King County's I Voted Stickers, available at

This week, we enjoy some election round-ups as The Urbanist Elections Committee member Jazmine Smith joins Ray Dubicki to talk about the surprises and squeakers of Election Night 2022. From the local initiatives to the state legislature races, we discuss the purpose of advisory notes (none), the problem of having two good candidates in a race (not really a problem), and whether tough-on-crime suddenly became tough-to-elect (hilariously so).

You can also enjoy some of our other election coverage, including the endorsements and five initial takeaways from the fizzled red wave.

And just to clarify one thing we mention in the pod, the three options the city council has when considering how to proceed with an initiative are: put it on the ballot as is, to put an alternative initiative on the ballot with it, or to simply pass it as an ordinance without putting it on the ballot. I may have been too zippy with my democracy joke to let that be clear.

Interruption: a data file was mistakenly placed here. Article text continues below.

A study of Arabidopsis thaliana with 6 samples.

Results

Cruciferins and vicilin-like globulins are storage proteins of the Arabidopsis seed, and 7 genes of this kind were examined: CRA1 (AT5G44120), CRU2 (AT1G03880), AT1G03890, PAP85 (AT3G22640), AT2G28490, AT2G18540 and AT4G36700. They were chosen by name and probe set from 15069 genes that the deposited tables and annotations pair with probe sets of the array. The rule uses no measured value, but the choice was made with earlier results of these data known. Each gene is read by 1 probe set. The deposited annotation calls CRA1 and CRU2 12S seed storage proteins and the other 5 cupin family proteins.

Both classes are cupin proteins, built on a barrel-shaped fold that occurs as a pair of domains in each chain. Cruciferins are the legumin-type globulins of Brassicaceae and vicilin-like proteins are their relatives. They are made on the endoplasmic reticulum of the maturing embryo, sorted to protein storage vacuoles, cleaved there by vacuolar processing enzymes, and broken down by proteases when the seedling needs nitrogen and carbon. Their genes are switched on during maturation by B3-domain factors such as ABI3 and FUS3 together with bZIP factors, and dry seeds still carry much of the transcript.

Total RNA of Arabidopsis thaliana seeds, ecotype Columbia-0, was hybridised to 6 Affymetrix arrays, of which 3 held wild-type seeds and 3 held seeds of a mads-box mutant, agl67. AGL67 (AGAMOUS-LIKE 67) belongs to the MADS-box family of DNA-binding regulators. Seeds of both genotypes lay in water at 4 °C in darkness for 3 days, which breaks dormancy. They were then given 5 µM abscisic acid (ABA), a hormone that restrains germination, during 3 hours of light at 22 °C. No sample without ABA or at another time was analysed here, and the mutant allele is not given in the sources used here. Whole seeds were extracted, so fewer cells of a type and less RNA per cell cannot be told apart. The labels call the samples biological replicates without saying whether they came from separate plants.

We want to know your thoughts, opinions, and predictions for 2024. Reach out to us at podcast [at]  

As always, you can find The Urbanist podcast on iTunes, Spotify, and other major platforms. And if you are enjoying the podcast, be sure to offer a “like” or “thumbs up” on your favorite platform. It’s a great way to spread the word to new listeners.

Article Author

Ray Dubicki is a stay-at-home dad and parent-on-call for taking care of general school and neighborhood tasks around Ballard. This lets him see how urbanism works (or doesn’t) during the hours most people are locked in their office. He is an attorney and urbanist by training, with soup-to-nuts planning experience from code enforcement to university development to writing zoning ordinances. He enjoys using PowerPoint, but only because it’s no longer a weekly obligation.